Exxon Mobil Corp. has been hit with $1 billion in punitive damages for a 2006 gasoline leak in rural Baltimore County, sources close to the litigation said.
That’s in addition to about $495 million in compensatory damage awards that were made public Wednesday.
All told, compensatory and punitive damages come to $1.542 billion, said the sources, who requested anonymity because the figure has not yet been released by Baltimore County Circuit Court.
The jury of six women deliberated for two days on the amount of punitive damages in the suit by 160 households and businesses in the area. The amounts were entered on verdict sheets, but not read aloud in court, about 5:15 Thursday.
Clerk of the Court Julie L. Ensor gave reporters copies of the first 36 punitive damage verdict sheets Thursday night but said the entire binder would not be available for viewing until Friday.
Those 36 awards amounted to more than $320 million. The amounts varied from more than $38 million for one plaintiff with multiple properties to $50,000.
Jurors have been hearing the case since January.
Judge Robert N. Dugan choked up as he thanked them for their service before dismissing them, concluding the six-month trial that stemmed from a 25,000-gallon-plus gasoline leak that went undetected for more than five weeks.
The jurors declined to speak to reporters as they left the courthouse.
Many Jacksonville residents applauded the jurors as they left the courtroom and then exchanged hugs with one another and their lawyers from The Law Offices of Peter G. Angelos PC in Baltimore.
“This is the way the system should work,” said a relieved-looking Theodore M. Flerlage Jr., the plaintiffs’ lead lawyer, outside the courthouse.
“We had a powerful case for punitive damages,” added H. Russell Smouse, Flerlage’s colleague.
An Exxon spokeswoman said in an emailed statement that the company had “no choice but to appeal.”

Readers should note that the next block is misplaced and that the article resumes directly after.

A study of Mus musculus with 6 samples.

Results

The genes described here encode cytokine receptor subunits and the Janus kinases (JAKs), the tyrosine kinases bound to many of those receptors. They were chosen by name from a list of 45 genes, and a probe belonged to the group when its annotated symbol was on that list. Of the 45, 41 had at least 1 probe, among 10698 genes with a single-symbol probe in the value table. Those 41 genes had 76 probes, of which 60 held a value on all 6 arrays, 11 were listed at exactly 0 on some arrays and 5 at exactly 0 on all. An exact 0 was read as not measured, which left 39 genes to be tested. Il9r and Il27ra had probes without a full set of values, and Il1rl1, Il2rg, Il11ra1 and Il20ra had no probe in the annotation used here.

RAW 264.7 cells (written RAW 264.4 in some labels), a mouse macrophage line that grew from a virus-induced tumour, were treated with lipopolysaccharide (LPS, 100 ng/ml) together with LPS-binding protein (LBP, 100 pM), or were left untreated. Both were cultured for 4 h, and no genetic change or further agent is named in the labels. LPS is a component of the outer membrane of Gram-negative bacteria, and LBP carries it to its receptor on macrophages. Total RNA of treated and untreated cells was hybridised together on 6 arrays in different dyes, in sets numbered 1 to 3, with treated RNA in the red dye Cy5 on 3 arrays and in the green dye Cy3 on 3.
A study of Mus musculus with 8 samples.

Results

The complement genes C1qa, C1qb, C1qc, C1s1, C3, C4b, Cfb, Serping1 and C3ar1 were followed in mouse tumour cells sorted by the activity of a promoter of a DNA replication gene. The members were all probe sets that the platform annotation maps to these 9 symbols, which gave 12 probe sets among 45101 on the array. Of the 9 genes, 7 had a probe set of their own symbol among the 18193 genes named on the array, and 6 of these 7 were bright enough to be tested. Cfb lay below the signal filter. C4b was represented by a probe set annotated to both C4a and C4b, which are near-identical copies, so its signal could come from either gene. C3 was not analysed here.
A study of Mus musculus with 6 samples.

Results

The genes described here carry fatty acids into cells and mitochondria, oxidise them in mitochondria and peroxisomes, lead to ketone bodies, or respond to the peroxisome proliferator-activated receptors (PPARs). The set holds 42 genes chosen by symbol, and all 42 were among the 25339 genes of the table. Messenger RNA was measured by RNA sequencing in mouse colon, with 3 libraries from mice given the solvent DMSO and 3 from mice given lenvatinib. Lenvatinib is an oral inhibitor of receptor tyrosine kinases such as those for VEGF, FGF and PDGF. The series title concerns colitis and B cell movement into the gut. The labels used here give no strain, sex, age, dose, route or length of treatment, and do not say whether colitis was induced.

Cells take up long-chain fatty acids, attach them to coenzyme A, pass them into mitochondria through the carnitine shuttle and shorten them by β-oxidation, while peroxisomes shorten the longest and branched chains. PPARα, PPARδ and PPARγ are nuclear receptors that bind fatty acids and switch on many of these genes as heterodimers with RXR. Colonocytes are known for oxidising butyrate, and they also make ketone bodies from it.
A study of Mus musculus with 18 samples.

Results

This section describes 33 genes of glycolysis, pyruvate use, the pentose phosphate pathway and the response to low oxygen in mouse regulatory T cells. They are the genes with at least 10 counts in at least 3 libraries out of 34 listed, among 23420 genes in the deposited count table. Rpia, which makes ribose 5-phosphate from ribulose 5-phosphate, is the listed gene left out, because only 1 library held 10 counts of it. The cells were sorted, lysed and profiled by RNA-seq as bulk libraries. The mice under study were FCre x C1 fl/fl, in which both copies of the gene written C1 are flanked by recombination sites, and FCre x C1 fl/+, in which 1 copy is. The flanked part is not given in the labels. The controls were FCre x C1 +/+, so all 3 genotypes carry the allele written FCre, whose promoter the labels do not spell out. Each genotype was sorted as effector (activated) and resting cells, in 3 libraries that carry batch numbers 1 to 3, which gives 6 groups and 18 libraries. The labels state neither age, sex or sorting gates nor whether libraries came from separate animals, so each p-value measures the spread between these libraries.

“Exxon Mobil did not engage in fraud or deliberate misconduct,” Rachel L. Moore wrote. “This was an accident, as the jury found in the 2009 Alban case.”
Moore was referring to the first mass-action lawsuit concerning the spill, in which the lead lawyers were Stephen L. Snyder and Robert J. Weltchek. A jury in 2009 awarded the 88 households in the Alban group $150 million in compensatory damages but no punitive damages.
“They obviously did a tremendous job,” Snyder said late Thursday, adding that he wishes them the best on the appeal. The Alban verdicts also are on appeal.
The 160 households and businesses in the second lawsuit, represented by the Angelos firm, are known collectively as the Allison group. The two groups do not overlap.
Thursday’s punitive awards cover intentional misconduct by Exxon, including misrepresentations in information it gave county officials and the Maryland Department of the Environment. Jurors also faulted the company for not mentioning the leak on a sign that was posted for a few days on the site, which said the station was “Closed for Upgrades.”
The jurors awarded compensatory damages for diminution of property value, past loss of use and enjoyment, fear of cancer, fear of loss of property value and medical monitoring, although not all plaintiffs sought damages in every category.
The awards for individual plaintiffs appeared to follow a rough template. Plaintiffs received a portion of the assessed value of their homes prior to the leak and, on average, $750,000 for fear of cancer, $250,000 for fear of property value loss and $500,000 for past loss of use and enjoyment. Medical monitoring awards ranged from less than $10,000 to more than $1 million.